By Ernesto Londoño
Washington Post Staff Writer
Tuesday, March 28, 2006
Montgomery County officials have blocked access to a police union message board from county computers after a public outcry last week triggered by disclosure of sexist, racist and anti-immigrant messages that some officers have posted on the board.
"Because of the destructive effects these anonymous postings have had, I will no longer permit access to this site through county-owned computers," Police Chief J. Thomas Manger wrote in an e-mail to the force Friday night.
Anyone who tried to access the password-protected forum on the Web site of the Montgomery County Fraternal Order of Police found a message similar to the one that pops up when county employees try to access gambling or sexually explicit pages.
One of the first people who tried unsuccessfully to get on the site was County Council President George L. Leventhal (D-At Large), who met with union President Walter Bader yesterday to discuss the future of the forum.
"When we tried to go there, it had been blocked," Leventhal said.
In an interview yesterday, Bader condemned the vitriolic messages, copies of which were published in The Washington Post on Thursday. He said that he knew some officers were unhappy with the forum but that he didn't realize the hurtful nature of some of the messages.
"I take full responsibility for this Web board," said Bader, who was traveling abroad when the controversy erupted. "But individual users are responsible for their own postings."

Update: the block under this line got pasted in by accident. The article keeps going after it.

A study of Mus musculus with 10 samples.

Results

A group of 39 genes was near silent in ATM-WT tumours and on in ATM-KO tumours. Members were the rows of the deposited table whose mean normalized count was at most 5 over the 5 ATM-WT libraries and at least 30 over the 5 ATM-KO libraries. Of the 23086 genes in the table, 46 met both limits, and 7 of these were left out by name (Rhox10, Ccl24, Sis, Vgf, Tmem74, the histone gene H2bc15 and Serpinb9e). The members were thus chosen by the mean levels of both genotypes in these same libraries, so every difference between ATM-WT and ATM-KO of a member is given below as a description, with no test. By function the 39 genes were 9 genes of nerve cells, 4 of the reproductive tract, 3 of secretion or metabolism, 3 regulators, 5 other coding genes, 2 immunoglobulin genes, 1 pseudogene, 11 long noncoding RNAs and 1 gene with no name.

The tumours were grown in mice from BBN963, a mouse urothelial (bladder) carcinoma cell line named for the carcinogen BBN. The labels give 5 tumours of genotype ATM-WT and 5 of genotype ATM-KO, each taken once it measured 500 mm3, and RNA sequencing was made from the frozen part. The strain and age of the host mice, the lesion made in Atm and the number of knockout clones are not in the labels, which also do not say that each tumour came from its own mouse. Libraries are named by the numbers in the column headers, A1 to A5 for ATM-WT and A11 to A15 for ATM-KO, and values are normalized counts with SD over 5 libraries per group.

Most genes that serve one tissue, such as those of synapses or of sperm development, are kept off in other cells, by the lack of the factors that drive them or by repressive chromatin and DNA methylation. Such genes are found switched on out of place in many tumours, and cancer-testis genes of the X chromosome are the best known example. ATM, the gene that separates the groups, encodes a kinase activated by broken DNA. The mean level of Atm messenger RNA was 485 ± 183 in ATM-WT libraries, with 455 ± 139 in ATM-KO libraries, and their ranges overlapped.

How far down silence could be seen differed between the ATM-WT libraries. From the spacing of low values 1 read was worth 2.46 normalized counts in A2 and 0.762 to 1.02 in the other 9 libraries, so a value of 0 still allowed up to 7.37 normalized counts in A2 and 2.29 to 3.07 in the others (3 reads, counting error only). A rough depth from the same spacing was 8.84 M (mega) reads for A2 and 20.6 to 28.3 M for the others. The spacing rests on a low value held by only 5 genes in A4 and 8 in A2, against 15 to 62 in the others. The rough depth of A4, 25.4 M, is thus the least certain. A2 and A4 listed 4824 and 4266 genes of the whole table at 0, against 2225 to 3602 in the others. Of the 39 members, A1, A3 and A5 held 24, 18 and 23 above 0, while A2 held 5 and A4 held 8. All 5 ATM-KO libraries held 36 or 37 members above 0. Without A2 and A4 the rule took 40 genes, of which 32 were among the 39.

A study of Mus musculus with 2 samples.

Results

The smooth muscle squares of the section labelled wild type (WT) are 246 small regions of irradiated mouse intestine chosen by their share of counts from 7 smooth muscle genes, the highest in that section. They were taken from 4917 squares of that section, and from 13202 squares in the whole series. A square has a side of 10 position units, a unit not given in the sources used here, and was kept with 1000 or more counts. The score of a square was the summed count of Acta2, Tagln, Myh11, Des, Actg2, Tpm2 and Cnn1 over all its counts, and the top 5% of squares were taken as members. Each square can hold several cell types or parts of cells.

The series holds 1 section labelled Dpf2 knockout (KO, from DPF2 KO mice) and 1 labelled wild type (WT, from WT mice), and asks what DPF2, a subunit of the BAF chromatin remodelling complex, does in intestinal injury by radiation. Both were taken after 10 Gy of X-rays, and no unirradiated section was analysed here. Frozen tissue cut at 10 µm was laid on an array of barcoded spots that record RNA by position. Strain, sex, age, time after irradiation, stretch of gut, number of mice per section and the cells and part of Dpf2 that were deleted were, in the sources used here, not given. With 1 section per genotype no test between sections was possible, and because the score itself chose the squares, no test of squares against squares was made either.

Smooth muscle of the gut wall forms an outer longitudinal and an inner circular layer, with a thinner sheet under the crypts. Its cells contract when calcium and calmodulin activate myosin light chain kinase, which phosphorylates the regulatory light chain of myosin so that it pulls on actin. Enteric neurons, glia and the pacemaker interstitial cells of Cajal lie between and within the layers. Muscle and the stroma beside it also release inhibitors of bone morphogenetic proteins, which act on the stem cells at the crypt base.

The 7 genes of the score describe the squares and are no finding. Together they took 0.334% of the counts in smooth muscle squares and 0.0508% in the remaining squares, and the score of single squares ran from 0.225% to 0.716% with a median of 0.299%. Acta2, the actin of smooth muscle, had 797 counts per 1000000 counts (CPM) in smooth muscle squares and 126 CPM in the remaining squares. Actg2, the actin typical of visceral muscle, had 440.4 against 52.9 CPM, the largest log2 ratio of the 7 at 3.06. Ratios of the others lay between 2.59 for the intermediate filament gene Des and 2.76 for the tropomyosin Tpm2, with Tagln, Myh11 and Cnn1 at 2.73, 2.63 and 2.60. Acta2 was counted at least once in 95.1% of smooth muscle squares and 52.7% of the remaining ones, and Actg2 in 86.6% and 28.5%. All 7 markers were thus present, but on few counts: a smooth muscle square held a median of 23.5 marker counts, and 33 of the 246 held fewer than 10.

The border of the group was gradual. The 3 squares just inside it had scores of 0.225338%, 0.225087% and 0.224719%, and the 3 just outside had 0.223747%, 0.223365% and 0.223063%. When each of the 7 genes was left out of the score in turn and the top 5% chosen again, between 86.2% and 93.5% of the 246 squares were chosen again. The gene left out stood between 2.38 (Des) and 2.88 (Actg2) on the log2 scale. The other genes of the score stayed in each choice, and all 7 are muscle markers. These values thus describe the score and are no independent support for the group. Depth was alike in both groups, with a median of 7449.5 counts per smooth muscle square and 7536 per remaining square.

Bader said union leaders have been trying to come up with guidelines to better monitor the forum, which officers use to trade tips and criticize managers and departmental policy.
Over the past two years, union leaders have been discussing possible parameters to monitor the forum more closely without making it unattractive to officers who might be unwilling to speak frankly if they can't post anonymously, Bader said. The subject was expected to be addressed during a union board meeting last night, he said.
"This is going to be an evolving process," the union leader said, adding that discussions about monitoring the board have "moved at a snail pace" and perhaps "didn't get the priority they should have."
Manger said he had known that some officers found the board problematic but realized the offensive nature of some postings only when contacted by a reporter.
"Some of the comments were, in my view, disgusting," Manger wrote in the e-mail to the department. "I find consolation in knowing that the vast majority of Department employees also found the messages offensive."
Several officers said they spoke publicly about the postings after futile attempts to get the union to control the board and department supervisors to decry the personal attacks and offensive messages.
In some postings, officers were called racists, Latino immigrants were referred to as "beaners" and a black female officer was called a "ghetto" officer.